British America

British America comprised the colonial territories of the English Empire, which became the British Empire after the 1707 union of the Kingdom of England with the Kingdom of Scotland to form the Kingdom of Great Britain, in the Americas from 1607 to 1783. Prior to the union, this was termed English America, excepting Scotland's failed attempts to establish its own colonies. Following the union, these colonies were formally known as British America and the British West Indies before the Thirteen Colonies declared their independence in the American Revolutionary War (1775–1783) and formed the United States of America.[2]

British America and
the British West Indies[1]
British colonies in continental North America (red) and the island colonies of the British West Indies of the Caribbean Sea (pink)
StatusColonies of England (1585–1707)
Colonies of Scotland
Colonies of Great Britain (1707–1783)
CapitalAdministered from London, England
Common languagesEnglish (de facto official)
Spoken languages:
Irish Gaelic
Scottish Gaelic
Indigenous languages
West African languages (spoken among the imported African slaves in the beginning)
Anglicanism, Protestantism, Lutheranism, Roman Catholicism, Judaism, Native American religions, Traditional African religions, Sunni Islam (practiced by some West African slaves in the beginning)
Demonym(s)British American
GovernmentConstitutional monarchy
James VI and I (first)
George III (last)
 Newfoundland Colony and Province of Avalon
 Plymouth Council for New England (Massachusetts Bay Colony)
CurrencyPound sterling, Spanish dollar, bills of credit, commodity money, and many local currencies
Preceded by
Succeeded by
New France
New Netherland
New Sweden
Spanish Florida
British North America
United States
Spanish Florida
British West Indies

After the American Revolution, the term British North America was used to refer to the remainder of Great Britain's possessions in North America. The term British North America was used in 1783, but it was more commonly used after the Report on the Affairs of British North America (1839), generally known as the Durham Report.


British map of North America, 1710, by John Senex, Charles Price and John Maxwell

A number of English colonies were established in America between 1607 and 1670 by individuals and companies whose investors expected to reap rewards from their speculation. They were granted commercial charters by Kings James I, Charles I, and Charles II, as well as Parliament. The London Company founded the first permanent settlement in 1607 on the James River at Jamestown, Virginia upstream from Chesapeake Bay. This was followed in 1620, when the Pilgrims established the Plymouth settlement in New England. English Catholics settled the Province of Maryland in 1634, under Cecilus Calvert, second Lord Baltimore.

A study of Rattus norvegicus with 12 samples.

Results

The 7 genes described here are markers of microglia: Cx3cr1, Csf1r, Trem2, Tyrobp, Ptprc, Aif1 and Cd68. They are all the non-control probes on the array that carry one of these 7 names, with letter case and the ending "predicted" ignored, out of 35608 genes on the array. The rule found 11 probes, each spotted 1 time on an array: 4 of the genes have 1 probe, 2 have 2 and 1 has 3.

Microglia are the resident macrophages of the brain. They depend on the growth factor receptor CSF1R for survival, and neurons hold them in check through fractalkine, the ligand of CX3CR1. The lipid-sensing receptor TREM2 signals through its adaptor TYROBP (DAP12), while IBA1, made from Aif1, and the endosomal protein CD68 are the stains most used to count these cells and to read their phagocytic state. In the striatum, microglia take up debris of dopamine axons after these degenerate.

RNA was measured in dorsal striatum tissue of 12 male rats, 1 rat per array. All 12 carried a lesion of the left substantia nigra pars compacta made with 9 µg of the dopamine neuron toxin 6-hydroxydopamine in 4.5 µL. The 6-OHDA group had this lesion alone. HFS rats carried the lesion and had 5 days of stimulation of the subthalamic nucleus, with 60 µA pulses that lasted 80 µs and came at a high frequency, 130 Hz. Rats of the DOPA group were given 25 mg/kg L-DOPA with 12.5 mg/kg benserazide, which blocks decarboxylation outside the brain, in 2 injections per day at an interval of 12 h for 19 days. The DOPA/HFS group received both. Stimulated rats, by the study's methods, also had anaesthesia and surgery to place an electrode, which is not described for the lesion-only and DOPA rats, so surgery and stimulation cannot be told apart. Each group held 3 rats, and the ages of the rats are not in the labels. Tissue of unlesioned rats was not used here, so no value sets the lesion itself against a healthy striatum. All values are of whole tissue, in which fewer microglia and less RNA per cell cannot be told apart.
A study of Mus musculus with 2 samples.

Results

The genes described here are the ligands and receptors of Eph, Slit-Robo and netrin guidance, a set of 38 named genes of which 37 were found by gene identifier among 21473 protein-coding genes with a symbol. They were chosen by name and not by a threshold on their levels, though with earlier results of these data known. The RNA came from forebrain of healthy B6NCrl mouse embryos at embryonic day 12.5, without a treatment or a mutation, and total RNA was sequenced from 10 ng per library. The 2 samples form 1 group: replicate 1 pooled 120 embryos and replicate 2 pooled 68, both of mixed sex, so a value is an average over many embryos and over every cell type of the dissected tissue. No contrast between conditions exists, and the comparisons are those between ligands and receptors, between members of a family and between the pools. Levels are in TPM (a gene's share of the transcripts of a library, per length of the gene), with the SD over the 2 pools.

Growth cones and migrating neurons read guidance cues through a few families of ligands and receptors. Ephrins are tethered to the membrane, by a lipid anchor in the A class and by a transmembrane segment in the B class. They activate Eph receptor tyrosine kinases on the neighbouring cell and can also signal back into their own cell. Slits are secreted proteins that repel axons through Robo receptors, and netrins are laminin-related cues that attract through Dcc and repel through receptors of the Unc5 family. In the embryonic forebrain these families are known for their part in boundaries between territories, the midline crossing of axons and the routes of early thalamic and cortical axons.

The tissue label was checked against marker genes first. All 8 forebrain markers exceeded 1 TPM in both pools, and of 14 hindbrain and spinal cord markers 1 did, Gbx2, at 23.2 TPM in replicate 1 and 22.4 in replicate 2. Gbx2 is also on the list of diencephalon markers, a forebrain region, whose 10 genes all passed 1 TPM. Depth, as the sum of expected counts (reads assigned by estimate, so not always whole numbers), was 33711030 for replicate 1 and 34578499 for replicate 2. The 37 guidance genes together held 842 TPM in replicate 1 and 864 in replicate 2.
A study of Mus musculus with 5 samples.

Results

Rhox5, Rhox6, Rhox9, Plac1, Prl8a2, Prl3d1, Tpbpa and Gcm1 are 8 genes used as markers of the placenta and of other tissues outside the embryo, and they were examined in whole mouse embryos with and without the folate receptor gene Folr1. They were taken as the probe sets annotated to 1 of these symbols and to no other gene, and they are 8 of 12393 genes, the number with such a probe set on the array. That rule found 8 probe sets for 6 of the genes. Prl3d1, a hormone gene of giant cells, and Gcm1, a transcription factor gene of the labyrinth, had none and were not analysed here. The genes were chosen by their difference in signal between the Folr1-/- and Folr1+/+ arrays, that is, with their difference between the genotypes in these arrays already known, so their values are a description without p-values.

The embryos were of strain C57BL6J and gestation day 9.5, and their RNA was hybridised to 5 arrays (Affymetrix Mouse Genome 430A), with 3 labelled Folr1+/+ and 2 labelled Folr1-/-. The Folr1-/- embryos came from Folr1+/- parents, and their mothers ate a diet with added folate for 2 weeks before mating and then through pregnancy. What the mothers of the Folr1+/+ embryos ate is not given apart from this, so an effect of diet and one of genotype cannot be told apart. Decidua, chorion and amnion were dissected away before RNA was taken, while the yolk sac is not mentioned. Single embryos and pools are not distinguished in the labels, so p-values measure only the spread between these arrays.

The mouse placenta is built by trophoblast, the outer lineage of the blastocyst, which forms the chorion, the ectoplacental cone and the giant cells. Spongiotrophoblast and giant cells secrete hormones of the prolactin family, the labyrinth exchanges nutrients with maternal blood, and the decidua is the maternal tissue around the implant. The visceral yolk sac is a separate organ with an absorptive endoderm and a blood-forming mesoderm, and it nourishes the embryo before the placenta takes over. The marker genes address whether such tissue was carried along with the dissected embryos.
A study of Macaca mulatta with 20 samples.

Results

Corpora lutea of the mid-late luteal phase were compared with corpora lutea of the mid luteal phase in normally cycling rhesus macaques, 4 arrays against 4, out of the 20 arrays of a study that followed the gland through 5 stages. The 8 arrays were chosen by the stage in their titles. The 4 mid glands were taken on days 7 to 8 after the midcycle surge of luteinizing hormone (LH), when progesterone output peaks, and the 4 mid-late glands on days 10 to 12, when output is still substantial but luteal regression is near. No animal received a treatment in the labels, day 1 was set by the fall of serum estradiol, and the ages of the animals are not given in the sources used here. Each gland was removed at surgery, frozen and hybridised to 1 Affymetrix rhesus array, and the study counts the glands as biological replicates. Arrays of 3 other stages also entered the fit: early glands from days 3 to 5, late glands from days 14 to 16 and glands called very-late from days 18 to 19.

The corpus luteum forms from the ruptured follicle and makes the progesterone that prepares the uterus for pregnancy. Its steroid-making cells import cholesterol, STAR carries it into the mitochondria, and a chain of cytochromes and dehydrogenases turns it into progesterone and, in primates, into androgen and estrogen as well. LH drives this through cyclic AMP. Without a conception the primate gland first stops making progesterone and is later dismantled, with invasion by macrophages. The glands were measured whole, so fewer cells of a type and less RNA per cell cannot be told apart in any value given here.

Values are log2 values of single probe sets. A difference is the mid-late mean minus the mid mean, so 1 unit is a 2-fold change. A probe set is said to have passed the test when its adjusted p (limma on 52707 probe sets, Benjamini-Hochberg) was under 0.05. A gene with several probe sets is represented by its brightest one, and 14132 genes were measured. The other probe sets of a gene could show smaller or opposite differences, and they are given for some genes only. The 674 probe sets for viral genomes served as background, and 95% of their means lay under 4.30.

A state department in London known as the Southern Department governed all the colonies beginning in 1660, as well as a committee of the Privy Council called the Board of Trade and Plantations. In 1768, Parliament created a specific state department for America, but it was disbanded in 1782 when the Home Office took responsibility for the remaining possessions of British North America in Eastern Canada, the Floridas, and the West Indies.[3]

British America gained large amounts of territory with the Treaty of Paris of 1763, which ended the French and Indian War in America and the Seven Years' War in Europe. At the start of the American Revolutionary War in 1775, the British Empire included 23 colonies and territories on the North American continent. The Treaty of Paris of 1783 ended the Revolutionary War, and Britain lost much of this territory to the newly formed United States. In addition, Britain ceded East and West Florida to the Kingdom of Spain, which in turn ceded them to the United States in 1821. Most of the remaining colonies to the north formed Canada in 1867, with the Dominion of Newfoundland joining in 1949.

In the Caribbean, the British West Indies and other European sugar colonies were at the center for the Atlantic slave trade.[4][5]

North American colonies in 1775

The Thirteen Colonies that became the original states of the United States:

New England Colonies
A view of Fort George and the city of New York
c. 1731
Middle Colonies
Southern Colonies

Colonies and territories that became part of Canada:

Colonies and territories that were ceded to Spain or the United States in 1783:

Colonies in the Caribbean, Mid-Atlantic, and South America in 1783

Divisions of the British Leeward Islands
Island of Jamaica and its dependencies
Other possessions in the British Windward Islands

See also


  1. Formerly called English America before the Act of Union in 1707.
  2. "Rights: Thomas Jefferson, A Summary View of the Rights of British America".
  3. Foulds, Nancy Brown. "Colonial Office". The Canadian Encyclopedia. Archived from the original on 4 March 2016. Retrieved 7 July 2018.
  4. Lambert, David. "An introduction to the Caribbean, empire and slavery". British Library. Retrieved 19 May 2022.
  5. Swingen, Abigail L. (2015). The Slave Trade, the Asiento, and the National Interest, 1698–1718. Yale Scholarship Online. Yale University Press. doi:10.12987/yale/9780300187540.001.0001. ISBN 9780300187540. Retrieved 19 May 2022.
  6. "Rhode Island Royal Charter of 1663". Secretary of State of Rhode Island. Retrieved 14 April 2011.
  7. "Charles II Granted Rhode Island New Charter". 8 July 1663. Retrieved 14 April 2011.